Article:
March 2: Help us celebrate the opening of the Center for Communicating Science!
Graduate students giving 90-second research talks in the first annual Nutshell Games, NPR's Joe Palca sharing his experiences as a science correspondent, and Virginia Tech President Tim Sands, Dean of the Graduate School Karen DePauw, and Director of ISCE Karen Roberto each offering their own 90 seconds of wisdom--please join us for all this fun--and of course food! Nutshell Games begin at 4 p.m., with reception and speakers beginning at 5:30 p.m., Thursday, March 2, at the Graduate Life Center's multipurpose room.
Please join us for any part of Thursday afternoon as we celebrate the importance of connection and communication, our graduate student researchers, and the opening of the Center for Communicating Science at Virginia Tech!
Joe Palca, NPR assistant producer Madeline Sofia, and American Scientist editor Katie Burke will be speaking with graduate students earlier in the afternoon, from 2 p.m. to 3 p.m. at 311 Latham, about the importance of communicating one's research and about their career paths into science communication. This is open to all graduate students.
Open Call: ISCE Scholars 2017-2018
The Institute for Society, Culture and Environment is now accepting proposals for the 2017-2018 ISCE Scholars program. The aim of this program is to provide faculty support for developing grant proposals in the social sciences and humanities. Proposed projects must address issues of social and individual transformation directly tied to one of ISCE’s four thematic areas. Applications are due March 15, 2017.
ISCE's four thematic areas of research and scholarship include:
- Global Issues Initiative: global trade and economic integration; global security; public policy; counter-terrorism; public health; science policy
- Human Development and Health: life span issues; aging issues; children, adolescents, adulthood, family, community; child and adult health behavior; social influences on health; public health; health policy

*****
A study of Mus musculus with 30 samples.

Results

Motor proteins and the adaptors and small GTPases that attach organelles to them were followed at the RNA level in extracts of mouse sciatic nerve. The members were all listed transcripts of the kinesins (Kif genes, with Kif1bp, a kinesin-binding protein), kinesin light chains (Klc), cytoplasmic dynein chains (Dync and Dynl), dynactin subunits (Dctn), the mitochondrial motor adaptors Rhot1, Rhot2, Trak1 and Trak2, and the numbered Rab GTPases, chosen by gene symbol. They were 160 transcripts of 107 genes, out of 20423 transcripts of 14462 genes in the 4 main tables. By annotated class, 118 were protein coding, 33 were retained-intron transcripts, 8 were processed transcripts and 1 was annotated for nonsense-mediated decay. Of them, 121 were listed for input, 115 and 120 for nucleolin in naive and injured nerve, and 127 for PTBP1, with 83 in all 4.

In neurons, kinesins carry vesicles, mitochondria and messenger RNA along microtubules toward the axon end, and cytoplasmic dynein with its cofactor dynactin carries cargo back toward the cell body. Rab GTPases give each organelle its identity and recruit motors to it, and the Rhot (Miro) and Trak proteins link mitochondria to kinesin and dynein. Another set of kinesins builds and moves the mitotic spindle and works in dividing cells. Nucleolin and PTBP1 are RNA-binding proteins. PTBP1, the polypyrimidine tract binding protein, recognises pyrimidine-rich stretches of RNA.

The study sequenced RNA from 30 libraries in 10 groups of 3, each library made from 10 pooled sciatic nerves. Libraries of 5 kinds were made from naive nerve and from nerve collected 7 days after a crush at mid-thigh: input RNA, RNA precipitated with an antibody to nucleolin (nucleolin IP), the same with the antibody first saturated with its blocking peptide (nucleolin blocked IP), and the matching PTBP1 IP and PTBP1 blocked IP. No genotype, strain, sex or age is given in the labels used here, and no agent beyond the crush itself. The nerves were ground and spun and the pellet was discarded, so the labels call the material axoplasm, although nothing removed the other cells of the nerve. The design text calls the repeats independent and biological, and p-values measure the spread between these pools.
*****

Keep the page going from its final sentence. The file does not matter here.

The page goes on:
- Risk and Resilience: individual risk; social complexity, ethics; risk analysis; disaster management; social media and communication; technology, security; public policy
- Built Environments: urban formations; rural settings; home environments; policy implementation and evaluation
Why Social Science?
Bill Riley, Director of NIH's Office of Behavioral and Social Sciences Research writes about the importance of research into the social determinants of health and illness.
Thomas Ewing's research on the Spanish Flu.
The 40th Annual Appalachian Studies Conference will be held March 9-12 at Virginia Tech, and will feature a keynote address by Dr. James Hansen, the director of the Climate Science, Awareness and Solutions Program at Columbia University. Learn more about the conference here.
The Consortium of Social Science Associations has posted their webinar, From Research to Reward: Communicating Social Science Research.
The SciVal Funding service, a web-based tool that uses pre-populated user profiles to help identify funding opportunities targeted to specific interests and areas of research, is now available.
SciVal Funding not only allows researchers to search for grant opportunities, it also provides historical data about awards and related publications. This data can be used to select opportunities that are the best fit and tailor proposals based on past success. Additionally, users can track award trends, find potential collaborators, and improve their understanding of the competitive landscape. To register with SciVal Funding, or for more information including videos and training tutorials, click here.